Set after the events of Alien and Aliens, this book sees the estranged son of a retired Weyland-Yutani security chief steals his access codes and, along with a group of fellow anti-corporate activists, uses them to break into what they believe to be cyber warfare facility…but is, in fact, a bio-weapons lab. And if you’re familiar with the Alien franchise, you know what that means.
I’d worried that this book would leap straight into man vs alien action, and eschew the slow build up and character moments that characterise the best entries in the movie series, but thankfully that’s not true. The xenomorph only really appears in flashbacks, and all we really get is a little face hugger action at the end…and that’s exactly as it should be. The main focus is on Gabriel Cruz, the aforementioned retired security chief, who’s plagued by nightmares of unspeakable bio-mechanical horrors…which seem to be inspired by an incident from his past…which possibly included the death of his other son. Many questions are asked but, given that this is just the first issue, inevitably answers are in short supply.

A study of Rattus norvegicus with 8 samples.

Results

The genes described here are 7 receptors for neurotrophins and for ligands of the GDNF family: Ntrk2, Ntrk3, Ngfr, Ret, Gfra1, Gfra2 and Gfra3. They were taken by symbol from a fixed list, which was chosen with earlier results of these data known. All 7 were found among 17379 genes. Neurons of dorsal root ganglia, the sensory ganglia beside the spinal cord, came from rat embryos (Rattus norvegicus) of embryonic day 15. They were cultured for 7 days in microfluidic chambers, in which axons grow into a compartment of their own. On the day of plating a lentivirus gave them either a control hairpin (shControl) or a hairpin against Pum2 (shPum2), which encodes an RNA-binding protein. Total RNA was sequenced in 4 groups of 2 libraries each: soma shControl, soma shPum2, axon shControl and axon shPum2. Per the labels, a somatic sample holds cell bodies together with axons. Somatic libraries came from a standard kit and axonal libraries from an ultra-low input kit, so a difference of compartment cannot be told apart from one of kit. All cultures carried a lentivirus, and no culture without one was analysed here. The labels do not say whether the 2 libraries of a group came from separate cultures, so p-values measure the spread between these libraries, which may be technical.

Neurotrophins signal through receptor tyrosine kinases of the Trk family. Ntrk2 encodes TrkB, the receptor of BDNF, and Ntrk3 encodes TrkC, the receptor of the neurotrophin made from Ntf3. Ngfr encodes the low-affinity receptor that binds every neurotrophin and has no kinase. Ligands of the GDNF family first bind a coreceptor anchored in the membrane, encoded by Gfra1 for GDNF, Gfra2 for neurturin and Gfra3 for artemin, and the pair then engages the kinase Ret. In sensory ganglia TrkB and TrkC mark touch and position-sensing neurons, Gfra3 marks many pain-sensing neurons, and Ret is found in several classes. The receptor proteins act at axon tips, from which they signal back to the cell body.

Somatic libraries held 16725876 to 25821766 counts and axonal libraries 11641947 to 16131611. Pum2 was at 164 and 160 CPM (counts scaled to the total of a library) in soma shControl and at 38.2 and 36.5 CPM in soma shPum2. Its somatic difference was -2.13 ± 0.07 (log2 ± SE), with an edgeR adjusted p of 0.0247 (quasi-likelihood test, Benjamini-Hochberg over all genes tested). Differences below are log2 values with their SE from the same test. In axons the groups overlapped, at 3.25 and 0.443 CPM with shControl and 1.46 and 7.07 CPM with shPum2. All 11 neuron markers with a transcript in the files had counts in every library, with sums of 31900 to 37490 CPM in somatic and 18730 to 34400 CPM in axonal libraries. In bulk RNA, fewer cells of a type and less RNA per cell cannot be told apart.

There’s a creeping sense of dread throughout the issue, and the use of a Bishop series android actually adds to this. It’s a familiar face for fans, but also not quite the character we know.
Larroca’s art is Larocca’s art. Personally I preferred his art before he started heavily using photo reference, but I only found it to not quite work on one early double page spread. Your mileage, no doubt, will vary. But the fact that his Bishop looks exactly like Lance Henriksen is a plus as far as I’m concerned. Mostly the art gives the book a cinematic feel, but I can understand people not liking it.
Overall this is an outstanding start to the series and to the new Marvel era of Alien comics.